Those “dog days” of summer are here, and spending time in the sun is what summer is all about for many of us. But a recent article in U.S. News & World Report had some interesting things to say about the sun and the causes of sun sensitivity.
You are exposed to more of the sun’s UV rays when you go to the beach, a lake or a pool because sand and water reflect the sun’s rays. Exposure is also greater in the mountains where the air is thinner and the sun’s rays are more intense. So, extra protection is called for if you plan to spend time in the mountains or by the sea. But did you know that there are some lesser known factors that can increase your skin’s sensitivity to the sun? Read on.
- Some medications, foods and even skin-care products can cause photosensitivity or phototoxicity, chemically-induced reactions in the skin that make it unusually sensitive to sunlight, sometimes resulting in a severe sunburn to exposed skin.
- •Photoallergy occurs when exposure to UV rays changes a substance in a food, drug or product into a new substance which the body recognizes as foreign and subsequently activates the immune system. Photoallergy develops over time and can take a few days to appear in the form of an itchy rash.
- People with autoimmune diseases such as lupus, or acquired conditions like polymorphic light eruptions – a rash that occurs in people who have developed a sun sensitivity – are most susceptible to photosensitivity. But anyone who ingests or uses the following substances may be at risk:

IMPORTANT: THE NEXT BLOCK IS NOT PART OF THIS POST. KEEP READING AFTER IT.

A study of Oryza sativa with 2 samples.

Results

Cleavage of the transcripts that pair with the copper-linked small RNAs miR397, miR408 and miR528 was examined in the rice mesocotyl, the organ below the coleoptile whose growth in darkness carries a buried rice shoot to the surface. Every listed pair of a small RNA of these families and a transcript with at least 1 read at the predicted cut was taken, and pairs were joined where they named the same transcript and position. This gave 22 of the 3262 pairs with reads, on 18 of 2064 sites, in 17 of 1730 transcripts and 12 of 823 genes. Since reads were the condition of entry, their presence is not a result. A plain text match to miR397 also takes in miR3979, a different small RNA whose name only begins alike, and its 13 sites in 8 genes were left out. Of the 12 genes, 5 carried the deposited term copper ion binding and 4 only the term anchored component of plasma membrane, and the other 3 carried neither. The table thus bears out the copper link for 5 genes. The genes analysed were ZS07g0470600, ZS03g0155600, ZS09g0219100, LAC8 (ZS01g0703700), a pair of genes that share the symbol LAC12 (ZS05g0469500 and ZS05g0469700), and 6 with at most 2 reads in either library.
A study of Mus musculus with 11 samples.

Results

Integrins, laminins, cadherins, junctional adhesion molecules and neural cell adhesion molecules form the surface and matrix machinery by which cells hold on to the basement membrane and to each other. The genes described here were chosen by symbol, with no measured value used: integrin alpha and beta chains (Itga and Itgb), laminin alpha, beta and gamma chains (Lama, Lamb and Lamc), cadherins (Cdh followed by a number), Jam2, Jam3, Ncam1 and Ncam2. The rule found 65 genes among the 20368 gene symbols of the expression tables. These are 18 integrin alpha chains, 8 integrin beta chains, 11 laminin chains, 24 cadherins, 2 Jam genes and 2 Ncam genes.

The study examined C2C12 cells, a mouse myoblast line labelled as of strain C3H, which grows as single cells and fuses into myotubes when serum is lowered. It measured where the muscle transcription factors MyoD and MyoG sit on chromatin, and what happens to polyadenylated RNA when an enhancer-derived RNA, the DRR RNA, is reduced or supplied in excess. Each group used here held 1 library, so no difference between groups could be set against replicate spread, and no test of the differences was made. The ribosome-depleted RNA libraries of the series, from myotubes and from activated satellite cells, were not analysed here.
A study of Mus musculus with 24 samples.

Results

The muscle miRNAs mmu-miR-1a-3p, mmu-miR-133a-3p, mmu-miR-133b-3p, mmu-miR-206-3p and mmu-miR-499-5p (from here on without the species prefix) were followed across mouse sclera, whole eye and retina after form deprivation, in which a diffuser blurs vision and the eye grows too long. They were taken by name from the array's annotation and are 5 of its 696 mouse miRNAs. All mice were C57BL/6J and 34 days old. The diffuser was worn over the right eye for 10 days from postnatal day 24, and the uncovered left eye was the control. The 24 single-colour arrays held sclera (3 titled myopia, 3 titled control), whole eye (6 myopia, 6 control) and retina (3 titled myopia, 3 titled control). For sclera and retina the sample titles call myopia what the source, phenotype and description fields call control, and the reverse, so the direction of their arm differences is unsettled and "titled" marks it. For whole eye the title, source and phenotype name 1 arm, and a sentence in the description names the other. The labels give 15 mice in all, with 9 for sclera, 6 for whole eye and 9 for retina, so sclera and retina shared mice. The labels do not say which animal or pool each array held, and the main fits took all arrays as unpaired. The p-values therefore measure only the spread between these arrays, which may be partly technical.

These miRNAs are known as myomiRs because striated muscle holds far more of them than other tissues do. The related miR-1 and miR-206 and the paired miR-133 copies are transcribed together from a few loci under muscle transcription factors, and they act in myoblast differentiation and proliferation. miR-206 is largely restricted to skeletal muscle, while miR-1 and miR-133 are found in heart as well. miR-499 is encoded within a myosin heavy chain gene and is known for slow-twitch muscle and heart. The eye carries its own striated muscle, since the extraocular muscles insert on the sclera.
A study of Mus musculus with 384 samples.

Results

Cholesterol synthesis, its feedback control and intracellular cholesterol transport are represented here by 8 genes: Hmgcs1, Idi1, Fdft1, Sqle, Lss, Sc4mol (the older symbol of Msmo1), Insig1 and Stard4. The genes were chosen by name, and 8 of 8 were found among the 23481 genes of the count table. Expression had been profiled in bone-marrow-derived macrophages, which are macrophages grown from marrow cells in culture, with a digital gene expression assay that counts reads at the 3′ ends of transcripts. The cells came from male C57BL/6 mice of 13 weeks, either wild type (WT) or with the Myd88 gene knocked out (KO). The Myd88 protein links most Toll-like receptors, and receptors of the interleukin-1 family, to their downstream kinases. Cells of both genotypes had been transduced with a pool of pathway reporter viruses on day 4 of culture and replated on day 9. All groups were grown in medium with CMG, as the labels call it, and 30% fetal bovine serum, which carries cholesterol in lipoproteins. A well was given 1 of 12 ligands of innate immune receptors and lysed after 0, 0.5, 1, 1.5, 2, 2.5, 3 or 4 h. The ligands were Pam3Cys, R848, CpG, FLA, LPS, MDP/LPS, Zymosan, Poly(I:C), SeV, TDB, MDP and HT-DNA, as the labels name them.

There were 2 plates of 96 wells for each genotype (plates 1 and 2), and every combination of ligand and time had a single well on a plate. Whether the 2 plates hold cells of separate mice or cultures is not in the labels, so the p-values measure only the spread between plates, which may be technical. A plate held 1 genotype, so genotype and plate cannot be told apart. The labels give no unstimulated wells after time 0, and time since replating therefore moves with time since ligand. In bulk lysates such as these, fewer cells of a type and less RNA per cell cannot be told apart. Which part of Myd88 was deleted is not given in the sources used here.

- Drugs – Anti-fungal drugs, antihistamines, oral contraceptives, NSAIDs, antibiotics, oral diabetes drugs, diuretics and tricyclic antidepressants can cause photosensitivity. The herbal remedy, St. John’s wort, can also cause sun sensitivity.
- Foods – Celery, dill, fennel, figs, lime, parsley and wild carrots can increase sun sensitivity.
- Essential oils and perfumes – Scents like lavender, lemon verbena, bergamot, bitter orange, musk, rosemary or sandalwood can make your skin more sensitive to the sun.
- Skin-care products – Watch for ingredients such as alpha-hydroxy acids, beta-hydroxy acids, and tretinoins. These agents strip the outer layer of the skin, making it more sensitive to the sun. Benzoyl peroxide, which is in many over-the-counter acne products, can also cause photosensitivity.
It’s important to remember that photosensitivity reactions aren’t universal; not everyone who takes a certain drug or uses a particular product will experience photosensitivity.
- As a general rule, stay out of the sun between 11a.m. and 3 p.m.
- Choose a broad spectrum, water-resistant sunscreen of SPF 30 or higher and reapply it often.
- Wear sun-protective clothing, wide-brimmed hats and sunglasses.
We want you to have a marvelous summer. If you think you are sun-sensitive, ask us about taking an oral supplement (Heliocare) which contains antioxidant compounds that protect the skin from free radical damage.